On Solid Ground...
(3/21/2010) (From the New Haven Register)
On solid ground: Program keeps construction laborers hard at work
By Mary E. O’Leary, Register Topics Editor
NEW HAVEN — One of the hardest-hit sectors of the economy in the wake of the country’s financial meltdown has been the construction industry with an estimated 25 percent of its work force unemployed.
For a sizeable group of skilled laborers in the city, however, work has been steady, the paychecks keep coming and, rain or shine, they are on the job.
David Vega, 31, a sprinkler fitter for the M.J. Daly Co., has progressed from apprentice to journeyman over the past six years, working on city school projects and Yale University buildings, all as the result of an apprentice program sponsored by the city in collaboration with the building trade unions.
Headed by Nicole Jefferson, executive director of the city’s Commission on Equal Opportunities, residents get the basics of what is expected of them through its Workforce Construction Initiative and they are then filtered into specific programs through the unions.
Vega checked out Jefferson’s program after five years in the Marines, including a tour in Afghanistan, and stops in Egypt, Somalia, and various bases in Europe and the U.S.
“I was looking for work and I couldn’t find anything. I was told to come down to New Haven that they had a program going helping city residents find work. Nicole took me to M.J. Daly and right off the bat they liked me and I started with them, Local 676,” said Vega.
The biggest project under construction in the city, 360 State Street, a 32-story high-rise apartment complex downtown, is a major success story in terms of New Haven workers and minority contractors getting a piece of the economic pie.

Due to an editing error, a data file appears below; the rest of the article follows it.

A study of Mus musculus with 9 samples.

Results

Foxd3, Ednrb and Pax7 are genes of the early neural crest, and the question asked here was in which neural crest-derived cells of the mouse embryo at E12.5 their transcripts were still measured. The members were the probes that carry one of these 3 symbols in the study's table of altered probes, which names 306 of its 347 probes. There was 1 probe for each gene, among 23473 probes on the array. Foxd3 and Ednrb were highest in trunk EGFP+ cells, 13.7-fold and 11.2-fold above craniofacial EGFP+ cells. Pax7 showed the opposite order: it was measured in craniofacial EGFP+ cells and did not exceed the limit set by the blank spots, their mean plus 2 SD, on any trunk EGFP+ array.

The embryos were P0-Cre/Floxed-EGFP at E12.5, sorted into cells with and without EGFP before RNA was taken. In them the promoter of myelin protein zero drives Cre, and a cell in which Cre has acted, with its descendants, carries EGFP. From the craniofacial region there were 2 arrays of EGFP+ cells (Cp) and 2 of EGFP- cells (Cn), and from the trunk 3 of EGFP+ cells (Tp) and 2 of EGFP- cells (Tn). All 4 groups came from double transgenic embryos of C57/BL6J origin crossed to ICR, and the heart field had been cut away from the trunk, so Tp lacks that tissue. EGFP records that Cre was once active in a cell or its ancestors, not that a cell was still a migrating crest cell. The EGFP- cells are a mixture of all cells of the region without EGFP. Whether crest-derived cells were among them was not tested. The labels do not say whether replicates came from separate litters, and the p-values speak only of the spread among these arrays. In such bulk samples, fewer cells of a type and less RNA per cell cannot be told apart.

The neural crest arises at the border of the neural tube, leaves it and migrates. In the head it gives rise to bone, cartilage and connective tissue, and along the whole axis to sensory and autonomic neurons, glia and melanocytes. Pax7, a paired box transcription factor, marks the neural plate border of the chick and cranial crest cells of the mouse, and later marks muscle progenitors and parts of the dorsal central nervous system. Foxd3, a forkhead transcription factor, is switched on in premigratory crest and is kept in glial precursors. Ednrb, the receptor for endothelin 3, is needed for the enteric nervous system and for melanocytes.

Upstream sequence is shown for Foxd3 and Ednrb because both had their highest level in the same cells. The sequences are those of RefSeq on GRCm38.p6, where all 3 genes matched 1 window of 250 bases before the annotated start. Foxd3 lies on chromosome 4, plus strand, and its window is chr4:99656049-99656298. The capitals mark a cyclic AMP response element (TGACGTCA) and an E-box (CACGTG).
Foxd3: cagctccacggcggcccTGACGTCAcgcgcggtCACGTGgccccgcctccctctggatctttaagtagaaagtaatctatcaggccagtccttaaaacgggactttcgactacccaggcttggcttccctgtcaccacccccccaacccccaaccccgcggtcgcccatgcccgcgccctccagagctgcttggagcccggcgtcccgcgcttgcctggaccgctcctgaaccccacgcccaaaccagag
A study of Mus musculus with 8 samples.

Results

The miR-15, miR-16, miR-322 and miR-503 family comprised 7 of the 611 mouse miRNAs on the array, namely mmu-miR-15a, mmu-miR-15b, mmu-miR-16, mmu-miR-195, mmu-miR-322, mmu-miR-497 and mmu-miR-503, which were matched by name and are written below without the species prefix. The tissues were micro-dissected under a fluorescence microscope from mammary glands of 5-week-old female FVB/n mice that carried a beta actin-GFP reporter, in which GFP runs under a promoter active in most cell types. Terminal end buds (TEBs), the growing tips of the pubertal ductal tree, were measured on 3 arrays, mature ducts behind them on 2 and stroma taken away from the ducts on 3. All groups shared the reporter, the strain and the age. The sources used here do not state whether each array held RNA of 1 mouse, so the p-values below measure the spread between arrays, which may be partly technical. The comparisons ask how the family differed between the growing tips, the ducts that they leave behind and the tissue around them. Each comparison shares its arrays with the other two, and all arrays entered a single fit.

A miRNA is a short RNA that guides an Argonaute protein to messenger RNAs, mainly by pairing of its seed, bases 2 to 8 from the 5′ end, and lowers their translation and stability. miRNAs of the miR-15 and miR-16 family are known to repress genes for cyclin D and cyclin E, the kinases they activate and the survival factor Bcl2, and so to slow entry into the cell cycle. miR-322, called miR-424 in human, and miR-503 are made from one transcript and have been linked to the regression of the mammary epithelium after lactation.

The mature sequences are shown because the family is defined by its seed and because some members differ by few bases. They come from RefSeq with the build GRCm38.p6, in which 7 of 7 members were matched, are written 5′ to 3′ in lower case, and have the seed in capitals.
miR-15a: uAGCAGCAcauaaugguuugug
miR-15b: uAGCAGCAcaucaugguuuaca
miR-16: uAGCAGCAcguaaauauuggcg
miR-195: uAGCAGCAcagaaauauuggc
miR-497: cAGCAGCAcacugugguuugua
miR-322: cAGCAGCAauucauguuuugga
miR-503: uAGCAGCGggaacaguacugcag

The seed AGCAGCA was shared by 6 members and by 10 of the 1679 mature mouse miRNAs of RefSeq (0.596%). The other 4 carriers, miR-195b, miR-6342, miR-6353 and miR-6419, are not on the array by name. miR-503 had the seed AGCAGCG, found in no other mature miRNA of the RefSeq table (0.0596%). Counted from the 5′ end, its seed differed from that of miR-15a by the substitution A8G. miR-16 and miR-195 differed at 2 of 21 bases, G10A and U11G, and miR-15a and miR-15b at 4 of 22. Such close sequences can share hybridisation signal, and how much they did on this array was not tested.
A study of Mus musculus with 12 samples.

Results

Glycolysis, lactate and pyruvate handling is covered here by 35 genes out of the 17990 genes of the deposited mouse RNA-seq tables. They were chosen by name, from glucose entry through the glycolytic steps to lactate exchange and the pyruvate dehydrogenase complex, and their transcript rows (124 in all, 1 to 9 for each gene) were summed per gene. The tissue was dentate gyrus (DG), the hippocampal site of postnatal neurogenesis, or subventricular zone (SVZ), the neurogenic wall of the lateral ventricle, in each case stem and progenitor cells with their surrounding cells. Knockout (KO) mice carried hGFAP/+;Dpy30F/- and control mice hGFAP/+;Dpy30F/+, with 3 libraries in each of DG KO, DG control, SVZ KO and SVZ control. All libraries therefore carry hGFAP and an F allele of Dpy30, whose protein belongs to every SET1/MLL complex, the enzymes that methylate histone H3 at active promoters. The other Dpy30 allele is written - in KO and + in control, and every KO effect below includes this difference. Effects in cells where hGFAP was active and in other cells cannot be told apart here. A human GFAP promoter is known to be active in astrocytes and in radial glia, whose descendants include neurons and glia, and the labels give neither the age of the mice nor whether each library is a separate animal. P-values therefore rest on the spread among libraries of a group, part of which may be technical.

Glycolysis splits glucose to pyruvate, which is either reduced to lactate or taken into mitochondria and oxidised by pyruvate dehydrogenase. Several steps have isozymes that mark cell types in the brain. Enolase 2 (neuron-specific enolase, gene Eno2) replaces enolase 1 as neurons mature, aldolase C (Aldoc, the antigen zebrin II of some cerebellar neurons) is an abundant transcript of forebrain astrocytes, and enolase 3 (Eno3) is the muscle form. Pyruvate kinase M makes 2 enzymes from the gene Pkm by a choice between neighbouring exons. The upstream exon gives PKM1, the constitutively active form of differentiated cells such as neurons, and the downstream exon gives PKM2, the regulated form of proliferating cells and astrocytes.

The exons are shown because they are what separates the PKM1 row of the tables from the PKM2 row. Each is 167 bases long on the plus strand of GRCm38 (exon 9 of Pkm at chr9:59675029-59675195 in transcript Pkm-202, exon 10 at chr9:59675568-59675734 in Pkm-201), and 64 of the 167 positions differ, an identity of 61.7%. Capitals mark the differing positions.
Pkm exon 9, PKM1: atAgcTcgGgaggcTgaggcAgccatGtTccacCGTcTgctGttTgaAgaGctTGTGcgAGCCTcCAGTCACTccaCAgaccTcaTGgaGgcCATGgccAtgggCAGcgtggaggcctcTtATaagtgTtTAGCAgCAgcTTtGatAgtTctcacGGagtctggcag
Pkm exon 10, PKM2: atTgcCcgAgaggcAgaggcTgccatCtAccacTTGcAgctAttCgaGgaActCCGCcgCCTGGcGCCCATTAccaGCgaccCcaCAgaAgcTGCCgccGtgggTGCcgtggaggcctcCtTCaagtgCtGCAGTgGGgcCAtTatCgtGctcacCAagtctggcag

As of December, Becker and Becker, the developer, and Suffolk Construction had hired 170 residents, 40 women and 260 minorities out of a total of 690 workers on the site. The $190 million complex is on target to open this summer.
To date, $10 million in contracts also have been awarded to small and minority contractors at 360 State Street. Kelly Murphy, economic development administrator for the city, said ordinarily this would have been difficult on such a big project, but Becker and Suffolk issued bid packages that allowed smaller contractors to compete for the work.
Vega is among the hundreds of workers streaming onto the site early each morning. From the 17th floor where he was installing a sprinkler system in one of the apartments recently, you can see where he lived as a kid at the Church Street South housing project.
Now a journeyman after years of training on the job, his hourly rate has gone from $13 an hour to around $39. “It’s a good living. I have no complaints,” Vega said.
“It’s not just the jobs that are provided, but the spin-off with that income coming back into the community,” Murphy said.
Construction in New Haven has been booming for years, with its $1.5 billion school renovation program, new construction through its housing authority, and private contractors building on city land — whether that’s 360 State Street, or several parcels connected to the expansion of Yale-New Haven Hospital.
All of these have minority set-aside programs, but the quality of the workers has others — such as Yale University and Winstanley Development, a major player in building at Science Park — voluntarily participating by picking up city workers for its building projects.